The untapped potential in offshore renewable energy is vast, but there are still some big challenges to overcome before we can harness it. Funded by the British government and UKRI, with a history of ten years, the SuperGen partnerships have seen research institutions come together to identify these challenges, providing a range of accessible research to inspire innovation.
The University of Hull and Aura is part of the Supergen Offshore Renewable Energy Hub which brings together 10 universities from across the UK to provide research leadership in the sector.
SuperGen ORE Hub have identified a range of technical, environmental and socioeconomic challenges that will be a major focus of their work over the coming years, all areas aim to connect stakeholders, inspire innovation and maximise the societal value of offshore renewable energy research.
Developing new methods, ideas and products, the project aims to overcome engineering and scientific challenges around offshore renewable energy systems, but also help improve equality and diversity in the offshore wind workforce.
Research based at the University of Hull is investigating how a range of sensors can be used to monitor and control the extreme loads which offshore wind turbines are subjected to from both wind and waves. This is intended to better manage fatigue in these structures and minimise the need for unplanned maintenance.
In addition to this technical research, the University of Hull, is leading research to understand how to improve equality in both STEM research teams and the offshore wind sector as a whole. We are looking to increase female employment in the offshore wind, contributing to Government aims of boosting the proportion of women in the workforce to a third by 2030. An EDI (equality diversity and inclusion) SuperGen report has been commissioned to assess the current status of equality, diversity and inclusion, identifying potential barriers and offering potential solutions.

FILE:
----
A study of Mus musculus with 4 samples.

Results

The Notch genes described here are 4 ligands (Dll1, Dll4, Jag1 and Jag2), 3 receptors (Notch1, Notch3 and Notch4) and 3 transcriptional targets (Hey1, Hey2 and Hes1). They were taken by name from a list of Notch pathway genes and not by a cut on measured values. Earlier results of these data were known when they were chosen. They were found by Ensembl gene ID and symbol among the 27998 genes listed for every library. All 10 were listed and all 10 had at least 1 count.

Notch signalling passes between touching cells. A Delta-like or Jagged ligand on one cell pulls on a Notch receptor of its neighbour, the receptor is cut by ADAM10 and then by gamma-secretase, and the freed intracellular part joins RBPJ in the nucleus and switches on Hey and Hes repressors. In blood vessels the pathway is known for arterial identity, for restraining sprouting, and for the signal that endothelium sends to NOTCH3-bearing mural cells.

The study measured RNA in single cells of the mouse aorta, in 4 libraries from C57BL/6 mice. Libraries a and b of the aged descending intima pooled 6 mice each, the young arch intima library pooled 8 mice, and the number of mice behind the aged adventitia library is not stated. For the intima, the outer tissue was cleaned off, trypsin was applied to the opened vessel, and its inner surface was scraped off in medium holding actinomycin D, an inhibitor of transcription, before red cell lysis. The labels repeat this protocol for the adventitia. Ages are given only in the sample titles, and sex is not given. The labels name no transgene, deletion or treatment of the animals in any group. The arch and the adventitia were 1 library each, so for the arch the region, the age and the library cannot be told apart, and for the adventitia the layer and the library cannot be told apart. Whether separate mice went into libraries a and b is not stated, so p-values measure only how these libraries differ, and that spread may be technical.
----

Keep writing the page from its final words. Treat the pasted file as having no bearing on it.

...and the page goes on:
As an ongoing project, SuperGen is continually looking to develop and innovate within the offshore wind sector. The research we are conducting is crucial to increasing the sustainable deployment of offshore renewable energy system in the UK and around the world.
Nurturing a new generation of academic researchers in a culture where equality, diversity and inclusion are second nature
It has been projected that the STEM sector will require 500,000 advanced technicians and engineers by 2022: a requirement which cannot be met by current levels of education and training. This shortfall is exacerbated by the ‘leaky pipeline’ where underrepresented groups, such as women, do not progress through key transitions in education and careers, The SuperGen ORE EDI report has already identified key skills gaps in the offshore renewables sector and offers potential solutions that have formed the basis of an action plan for the sector.